In this lesson, students learn how Progressive reformers in government used the public outrage over Upton Sinclair’s book The Jungle as a catalyst for legislation. The story of how two progressives, Theodore Roosevelt and Harvey W. Wiley, worked together within the federal government is not as well-known as the role played by Sinclair’s The Jungle, but it provides the needed historical and political context for the passage of both the Meat Inspection Act and the Pure Food and Drug Act in June 1906 which are considered the high point of Progressive era legislation.
In this lesson students synthesize the information gathered in the earlier intelligent briefings and in the written intelligence in order to build a relationship with one other team of student diplomats
For the curriculum unit The Diplomacy Challenge. Lesson Four. In this lesson students apply the intelligence gathered at the intelligence briefing and through their primary source analysis to prepare a toast for one Early Modern empire.
A close study of the poetry of contemporary Hopi artist and poet, Ramson Lomatewama. Students analyze Lomatewama’s masterful use of figurative language that creates a sense of place and describes his intimate relationship with the land and his experience of corn.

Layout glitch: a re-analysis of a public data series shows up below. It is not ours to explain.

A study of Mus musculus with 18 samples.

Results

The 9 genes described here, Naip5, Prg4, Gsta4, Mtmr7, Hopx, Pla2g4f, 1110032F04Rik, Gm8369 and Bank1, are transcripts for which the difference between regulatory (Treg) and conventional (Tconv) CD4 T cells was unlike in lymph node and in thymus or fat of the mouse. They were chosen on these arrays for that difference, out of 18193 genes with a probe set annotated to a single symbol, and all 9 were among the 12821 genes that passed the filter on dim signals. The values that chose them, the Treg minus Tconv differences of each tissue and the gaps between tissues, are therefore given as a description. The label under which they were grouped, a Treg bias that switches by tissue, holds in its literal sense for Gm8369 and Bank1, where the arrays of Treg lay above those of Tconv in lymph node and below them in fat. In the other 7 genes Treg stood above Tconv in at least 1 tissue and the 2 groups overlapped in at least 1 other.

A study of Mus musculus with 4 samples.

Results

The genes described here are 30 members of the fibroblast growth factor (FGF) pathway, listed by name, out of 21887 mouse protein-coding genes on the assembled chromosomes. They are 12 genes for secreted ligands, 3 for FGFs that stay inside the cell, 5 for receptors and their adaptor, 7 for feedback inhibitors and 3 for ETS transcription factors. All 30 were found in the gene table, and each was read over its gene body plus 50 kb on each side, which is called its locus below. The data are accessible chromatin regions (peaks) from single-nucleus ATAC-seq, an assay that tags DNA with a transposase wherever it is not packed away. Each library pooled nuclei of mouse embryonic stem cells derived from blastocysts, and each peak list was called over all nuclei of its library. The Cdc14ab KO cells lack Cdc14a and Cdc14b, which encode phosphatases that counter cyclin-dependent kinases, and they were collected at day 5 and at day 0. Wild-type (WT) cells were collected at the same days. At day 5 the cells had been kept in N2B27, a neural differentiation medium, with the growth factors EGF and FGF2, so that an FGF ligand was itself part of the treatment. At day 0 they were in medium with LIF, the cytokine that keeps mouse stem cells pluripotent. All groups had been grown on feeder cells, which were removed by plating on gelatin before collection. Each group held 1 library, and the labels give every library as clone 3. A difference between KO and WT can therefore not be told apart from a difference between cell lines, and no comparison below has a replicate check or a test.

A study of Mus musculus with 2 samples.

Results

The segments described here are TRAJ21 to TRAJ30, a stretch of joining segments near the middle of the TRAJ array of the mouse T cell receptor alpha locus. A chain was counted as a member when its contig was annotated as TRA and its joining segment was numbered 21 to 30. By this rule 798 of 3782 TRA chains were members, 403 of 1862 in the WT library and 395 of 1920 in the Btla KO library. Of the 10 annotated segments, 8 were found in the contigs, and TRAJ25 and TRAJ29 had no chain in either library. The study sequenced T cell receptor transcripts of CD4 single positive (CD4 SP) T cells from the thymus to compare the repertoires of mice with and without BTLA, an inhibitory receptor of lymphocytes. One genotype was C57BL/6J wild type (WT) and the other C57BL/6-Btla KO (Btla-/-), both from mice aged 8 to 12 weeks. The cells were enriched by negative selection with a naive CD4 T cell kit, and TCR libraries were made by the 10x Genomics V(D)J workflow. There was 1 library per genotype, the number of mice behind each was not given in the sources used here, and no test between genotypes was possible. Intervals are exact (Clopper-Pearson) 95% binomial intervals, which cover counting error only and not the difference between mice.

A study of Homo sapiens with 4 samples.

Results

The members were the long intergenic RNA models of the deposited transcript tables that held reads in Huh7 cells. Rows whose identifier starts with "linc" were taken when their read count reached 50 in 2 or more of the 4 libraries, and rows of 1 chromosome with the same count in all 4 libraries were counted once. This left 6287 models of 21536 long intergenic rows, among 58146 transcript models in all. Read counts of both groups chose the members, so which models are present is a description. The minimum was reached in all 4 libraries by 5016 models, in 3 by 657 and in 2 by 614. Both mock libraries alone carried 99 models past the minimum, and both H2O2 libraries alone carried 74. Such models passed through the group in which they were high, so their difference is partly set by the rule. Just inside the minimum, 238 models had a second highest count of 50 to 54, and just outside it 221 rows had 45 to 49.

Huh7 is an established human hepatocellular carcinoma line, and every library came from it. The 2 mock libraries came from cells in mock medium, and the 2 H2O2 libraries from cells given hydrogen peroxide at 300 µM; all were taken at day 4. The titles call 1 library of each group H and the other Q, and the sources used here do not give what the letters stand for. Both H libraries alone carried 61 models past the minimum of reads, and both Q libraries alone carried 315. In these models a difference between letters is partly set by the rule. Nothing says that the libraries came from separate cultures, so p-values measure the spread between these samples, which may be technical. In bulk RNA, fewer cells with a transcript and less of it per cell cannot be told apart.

An exploration of the symbolism and imagery of corn and environment as manifested in Hopi song and traditional dances. Students analyze examples of historical and contemporary Hopi song and examine images of Hopi dance in order to expand cultural awareness.
A guided exploration of “Hopitutskwa,” the Hopi homeland, through maps and place names. Using English translations, students make inferences about the Hopi cultural relationship to landscape and place. They examine regional place names of their own home communities and create personal maps by identifying and naming places of importance in their lives.